New AC adjusts to Cabrini life

By Jillian Milam
December 10, 2004

The new area coordinator for residence halls Woodcrest and Xavier Hall, Bill Zimmerman, acclimates himself with the help of others in the Cabrini community.

He left his similar job at Indiana University of Pennsylvania, also known as IUP, and came to Cabrini just days before resident assistants arrived on-campus for their training in the summer of 2004. After coming to Cabrini, one of the first differences he saw was the size of the two schools.

“IUP had 4,000 students on campus…14,000 overall. “So there is a huge size difference,” Zimmerman said

While he was at IUP, he worked in a residential building that contained mostly upperclassmen. The vast majority of these students lived in singular rooms, making it easier for Zimmerman to handle.

“The upperclassmen I worked with at IUP knew how the university worked and what was expected of them. They were able to manage conflicts with neighbors without the need to take it to higher levels,” Zimmerman said.

However, he is now working with freshmen who need more attention. “The freshmen here are new to the institution and don’t exactly know how things are run,” Zimmerman said. “It’s the first time I’ve had to deal with things like that.”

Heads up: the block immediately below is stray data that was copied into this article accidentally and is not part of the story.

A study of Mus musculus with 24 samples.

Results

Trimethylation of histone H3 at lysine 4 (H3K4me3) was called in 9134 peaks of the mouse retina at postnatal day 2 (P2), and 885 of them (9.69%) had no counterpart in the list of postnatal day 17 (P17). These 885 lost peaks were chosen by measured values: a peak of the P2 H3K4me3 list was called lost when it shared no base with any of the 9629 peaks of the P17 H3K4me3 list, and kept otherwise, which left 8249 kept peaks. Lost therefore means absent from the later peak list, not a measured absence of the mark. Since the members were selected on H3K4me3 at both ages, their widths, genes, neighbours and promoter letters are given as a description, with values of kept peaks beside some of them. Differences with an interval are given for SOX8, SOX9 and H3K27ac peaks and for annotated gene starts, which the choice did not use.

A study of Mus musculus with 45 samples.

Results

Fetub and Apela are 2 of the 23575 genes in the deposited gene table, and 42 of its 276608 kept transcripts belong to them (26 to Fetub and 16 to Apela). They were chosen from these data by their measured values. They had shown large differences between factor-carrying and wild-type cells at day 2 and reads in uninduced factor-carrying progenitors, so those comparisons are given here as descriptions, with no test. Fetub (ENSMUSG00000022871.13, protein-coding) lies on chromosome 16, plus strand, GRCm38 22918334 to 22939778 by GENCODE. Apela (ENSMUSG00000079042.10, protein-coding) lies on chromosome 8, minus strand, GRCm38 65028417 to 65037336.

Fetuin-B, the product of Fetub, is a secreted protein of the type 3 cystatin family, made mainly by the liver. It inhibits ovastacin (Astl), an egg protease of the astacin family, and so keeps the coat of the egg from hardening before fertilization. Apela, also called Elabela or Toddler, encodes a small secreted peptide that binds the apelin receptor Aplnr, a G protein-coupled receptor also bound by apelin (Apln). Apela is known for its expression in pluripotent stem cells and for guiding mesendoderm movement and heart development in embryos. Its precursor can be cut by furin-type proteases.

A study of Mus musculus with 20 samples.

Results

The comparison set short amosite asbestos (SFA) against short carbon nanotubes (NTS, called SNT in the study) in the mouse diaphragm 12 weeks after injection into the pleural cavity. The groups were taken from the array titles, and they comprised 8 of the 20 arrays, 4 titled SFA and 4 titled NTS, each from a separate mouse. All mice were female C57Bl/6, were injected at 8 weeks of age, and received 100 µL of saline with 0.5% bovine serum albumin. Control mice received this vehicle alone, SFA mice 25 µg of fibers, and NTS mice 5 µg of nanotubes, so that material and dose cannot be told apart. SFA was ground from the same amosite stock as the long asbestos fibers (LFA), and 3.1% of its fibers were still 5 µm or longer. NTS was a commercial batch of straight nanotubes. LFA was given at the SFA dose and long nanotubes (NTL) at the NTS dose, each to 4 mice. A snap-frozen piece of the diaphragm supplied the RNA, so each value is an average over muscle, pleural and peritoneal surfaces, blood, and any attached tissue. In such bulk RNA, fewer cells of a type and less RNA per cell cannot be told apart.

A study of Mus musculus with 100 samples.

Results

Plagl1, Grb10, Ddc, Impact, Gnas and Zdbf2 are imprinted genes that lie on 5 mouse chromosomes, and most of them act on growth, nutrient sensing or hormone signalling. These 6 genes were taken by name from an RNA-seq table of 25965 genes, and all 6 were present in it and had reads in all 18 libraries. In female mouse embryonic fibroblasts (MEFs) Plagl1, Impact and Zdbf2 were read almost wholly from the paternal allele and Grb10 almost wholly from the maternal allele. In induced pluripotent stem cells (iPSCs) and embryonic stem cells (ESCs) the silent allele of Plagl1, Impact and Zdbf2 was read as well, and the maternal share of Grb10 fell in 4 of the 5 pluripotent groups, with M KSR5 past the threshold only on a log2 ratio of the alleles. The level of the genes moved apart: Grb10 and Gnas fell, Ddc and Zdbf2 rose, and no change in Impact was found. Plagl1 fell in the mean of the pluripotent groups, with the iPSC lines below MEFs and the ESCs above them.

The fact that Cabrini’s residential department is still growing also made it a little bit harder for his transition. “There was a lack of instruction or direction, but that can be a positive thing as well,” Zimmerman said. “It gives you a chance to create your own path, and to put your own footprint on what you’re doing.”

John Pino, a sophomore RA whom Zimmerman supervises, said, “He’s got a good positive attitude. As a new area coordinator, he’s working really well with the staff.”

One element about the school that Zimmerman really enjoys is the small, family-like atmosphere. “Most of the students care about the school, why they are here, and what they want to do,” Zimmerman said.

“Something that surprised me when I came here was noticing the willingness of students to self-enforce policies. Students will stand up and tell what they don’t like and who is doing it. It was hard to get information like that from students at IUP,” Zimmerman said. “Students seem to be a bit more cooperative here.”

As Zimmerman gets used to the changes and gets acclimated with the rest of the staff, he made clear that he is working hard to improve what he can, especially in regards to bettering students’ perceptions of student development and residence life.

“We need to repair our image…we do like you guys and we are working for you!” Zimmerman said. “We need to develop as a whole and move forward to where we need to be- a more communicable campus.”